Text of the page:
Chimpanzees and other primates have always fascinated humans. Perhaps it’s because they share approximately 98% of our DNA, perhaps it’s because our brain functions appear to be so similar, or perhaps it’s because – on a very basic level – out of all the other creatures in the animal kingdom, their physiology most closely resembles our own.
This fascination with primates is evident in literature, and also reflected in film. Film seems to be a particular apt medium for stories about monkeys, as it provides so much opportunity to focus on the physical similarities between monkeys and men through visuals. It’s rare that a monkey movie is made, without there being a lingering close-up of the creature’s face: whether to demonstrate muzzle, forming an expression that could only be described as a smile; or to focus on the eyes, soft and liquid, gleaming with an undisputable intelligence.
This month has seen the release of two films featuring our furred counterparts: Rise of the Planet of the Apes, a prequel to the original sci-fi series; and Project Nim, a documentary about a baby chimp that was taken from its mother during the 1970s, and raised like a human child. But there have been many other films through time that either focus exclusively on, or feature in some small way, monkeys. It’s a testament to the endurance of these films, and how apes have captivated audiences, that already the plots are so well known.
King Kong (1933)
The story of King Kong has been told many times over – first in 1933, then 1976, then 2005 – but the first film remains the most groundbreaking. It is remembered for its special effects, pioneering in the areas of stop motion and animatronics. The first film is also interesting because it blends the line between ape and man. While Peter Jackson’s 2005 was very firmly a film about an ape, in the 1933 film the giant monkey possessed some very humanoid characteristics. He had a human look about him, and could walk in an upright manner. The character Carl Denham, who discovered him on his prehistoric island, called Kong “neither beast nor man.” The original King Kong taps into society’s interest in man and apes shared roots, brought to life as a monster, on an island trapped in time.
Planet of the Apes (1968)
While I have already mentioned the recent prequel to Planet of the Apes, there was also Tim Burton’s pretty dire 2001 remake – but the original was the first and best. Based on the French novel by Pierre Boulle, the film inspired four sequels made between 1968 – 1973, Roddy McDowall starring in all but one of the films in the franchise. This film features a man, Taylor, whose spaceship crash lands with his companions on a society where apes have developed to become the dominant – and intelligent – species on the planet. While studios in the 1960s were initially not convinced that the film was feasible, it went on to become one of the most popular science-fiction series until Star Wars. Planet of the Apes asks what is the difference between man and monkey – and what’s to say that society will never change?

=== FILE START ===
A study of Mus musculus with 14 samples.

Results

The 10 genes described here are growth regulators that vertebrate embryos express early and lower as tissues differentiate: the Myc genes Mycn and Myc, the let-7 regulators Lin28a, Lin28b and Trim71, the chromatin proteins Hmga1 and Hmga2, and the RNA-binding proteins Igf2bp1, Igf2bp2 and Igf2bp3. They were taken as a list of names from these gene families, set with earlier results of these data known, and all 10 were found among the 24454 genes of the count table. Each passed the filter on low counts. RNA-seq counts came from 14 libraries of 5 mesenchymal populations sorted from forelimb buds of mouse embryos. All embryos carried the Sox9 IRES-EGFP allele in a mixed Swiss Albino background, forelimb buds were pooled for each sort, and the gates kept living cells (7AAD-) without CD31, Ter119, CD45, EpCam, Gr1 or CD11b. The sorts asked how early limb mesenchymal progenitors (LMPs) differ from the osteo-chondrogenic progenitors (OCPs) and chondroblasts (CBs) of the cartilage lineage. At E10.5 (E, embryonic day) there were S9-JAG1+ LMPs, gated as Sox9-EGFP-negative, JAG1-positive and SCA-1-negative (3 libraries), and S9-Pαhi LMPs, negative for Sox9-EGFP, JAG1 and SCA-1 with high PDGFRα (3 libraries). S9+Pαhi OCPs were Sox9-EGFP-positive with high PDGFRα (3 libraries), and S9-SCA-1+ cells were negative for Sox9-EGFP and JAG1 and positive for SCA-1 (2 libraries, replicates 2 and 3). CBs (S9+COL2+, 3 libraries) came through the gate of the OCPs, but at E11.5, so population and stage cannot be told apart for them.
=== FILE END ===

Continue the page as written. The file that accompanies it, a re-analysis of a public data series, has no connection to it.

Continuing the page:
The 1999 Disney production of Tarzan is the only animated version of the story to ever reach cinema screens. Until Tangled last year, it was also the most expensive Disney film of all time. The plot of Tarzan is well know: a small English boy is cast up on a jungle island, from a shipwreck that killed his parents, and raised by a group of gorillas. After living with the gorillas for many years, he meets a British explorer and his beautiful daughter when they come to the island to study wildlife, and Tarzan falls in love with the young woman. When Tarzan and Jane first communicate, he famously says to her – and this is the sentence that inspired a million jokes about how men have trouble communicating – “Me, Tarzan. You, Jane.” Another film that emphasizes the closeness between man and animal: after all Tarzan is raised by the apes, as if he is one of their own; and Jane falls in love with a man who doesn’t even understand that he is a human.
2001: A Space Odyssey (1968)
Okay, so 2001: A Space Odyssey isn’t a film about monkeys – it’s a film about, well, who knows what really? Encounters between mankind and giant, black monoliths that are controlling human destiny? But the film deals with the idea of human evolution, and does so most explicitly through the opening section of the film – The Dawn of Man. The audience follows a tribe of ape-like proto-humans foraging for food in the African desert. They subsist on plant matter, and are driven from their watering hole by leopards – until, that is, a cognitive leap occurs, and one of these man-monkeys figures out how to use a bone as a weapon and tool.
The Jungle Book (1967)
Yes, another Disney movie, this one based on the novel by Rudyard Kipling. But perhaps this is a testament to the studio, as they have always understood the power of fable, and the ability of animals and magical creatures to represent the various facets of mankind. The Jungle Book tells the story of the feral child Mowgli, who is raised by wolves in the jungle, and befriends the Black Panther Bagheera and the sloth bear Baloo. The primate in this tale is, of course, King Louie the orangutan. He is at once one of the most fun characters in the story, as well as the most sinister: he is the embodiment of “monkeying around,” but is also obsessed with possessing man’s secret of how to make fire. The section of the film with King Louie includes the ever-catchy song “I Wanna Be Like You.” This was the last film to be produced by Walt Disney himself – he died during its production.
Are there any films about the fine line between monkey and mankind that I’ve missed?